Mandee Seeley, Sisters resident who has “lived experience” of housing insecurity, decided to take the problem head on.

While researching the broad topic of homelessness online, she came across an organization headquartered in Washington, D.C., the National Alliance to End Homelessness. They were having a national conference in July and Seeley decided she was going to attend, to learn all she could. She was able to secure one of their scholarships, which covered all her expenses, and off she went to D. C. for four learning-packed days.

Seeley said, “My experience in D.C. inspired me to start a nonprofit to deal with homelessness.”

One of the conference sessions she attended was led by a woman who heads the Mississippi Balance of State which is dedicated to streamlining and strengthening the current delivery system of services for those experiencing homelessness, through greater collaborative planning, partnerships, and program execution. The goal is to provide a continuum of care to create a seamless, comprehensive system of services. Seeley hopes to create something similar in Sisters.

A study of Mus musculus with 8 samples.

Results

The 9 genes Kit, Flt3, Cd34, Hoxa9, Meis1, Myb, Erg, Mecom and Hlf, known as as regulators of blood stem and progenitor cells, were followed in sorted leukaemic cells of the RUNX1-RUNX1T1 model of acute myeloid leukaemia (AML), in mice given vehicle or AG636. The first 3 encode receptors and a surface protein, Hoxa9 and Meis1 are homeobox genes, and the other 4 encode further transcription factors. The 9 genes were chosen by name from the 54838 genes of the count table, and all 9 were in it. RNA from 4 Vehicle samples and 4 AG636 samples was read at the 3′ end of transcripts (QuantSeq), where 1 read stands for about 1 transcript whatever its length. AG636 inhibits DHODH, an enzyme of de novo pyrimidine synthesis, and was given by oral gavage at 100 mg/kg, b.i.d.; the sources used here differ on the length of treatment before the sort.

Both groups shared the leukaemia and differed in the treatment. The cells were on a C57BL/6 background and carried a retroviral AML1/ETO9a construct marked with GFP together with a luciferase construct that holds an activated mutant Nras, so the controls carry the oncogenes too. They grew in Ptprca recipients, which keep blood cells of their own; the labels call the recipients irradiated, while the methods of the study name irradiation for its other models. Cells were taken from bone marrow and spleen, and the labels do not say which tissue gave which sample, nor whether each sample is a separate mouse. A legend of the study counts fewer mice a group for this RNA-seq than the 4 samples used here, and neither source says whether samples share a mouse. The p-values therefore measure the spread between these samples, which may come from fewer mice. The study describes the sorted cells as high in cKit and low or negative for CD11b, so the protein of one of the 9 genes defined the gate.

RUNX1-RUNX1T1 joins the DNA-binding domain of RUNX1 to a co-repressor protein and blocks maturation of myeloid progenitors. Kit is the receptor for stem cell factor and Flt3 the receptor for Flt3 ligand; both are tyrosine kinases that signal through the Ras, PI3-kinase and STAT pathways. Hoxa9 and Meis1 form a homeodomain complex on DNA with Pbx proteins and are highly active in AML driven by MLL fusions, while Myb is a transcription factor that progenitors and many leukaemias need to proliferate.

She wasn’t ready to divulge details but said, “Stay tuned.”

Seeley brought back from the conference 250 resources. She has all the presentations that were given plus materials provided by others in attendance. She will draw on those materials when establishing the new nonprofit.

“The conference definitely pushed me to act more. We have an opportunity to end homelessness in Sisters. Our numbers are low enough that we could get in front of it before it grows, but we need more housing and landlord involvement,” Seeley said. “Partnerships and collaborations are the future. We’ve got a good start with this group. It all started with a few of us from the shelter committee and the Forest Service.”

The National Alliance to End Homelessness is a nonpartisan, nonprofit organization whose sole purpose is to end homelessness in the United States. They use research and data to find solutions to homelessness; work with federal and local partners to create a solid base of policy and resources that support those solutions; and then help communities implement them.

Founded in 1983 by a group of concerned citizens, the group has grown to a national network of over 10,000 providers, public agencies, and private partners. Attendees at the conference in July numbered 2,500 including representatives from organizations like NeighborImpact, shelters of all types, medical groups providing services to the homeless, mental health and addiction specialists, funders, advocacy groups, and private citizens.

Seeley would “love to go again to the conference… it was fun and valuable.”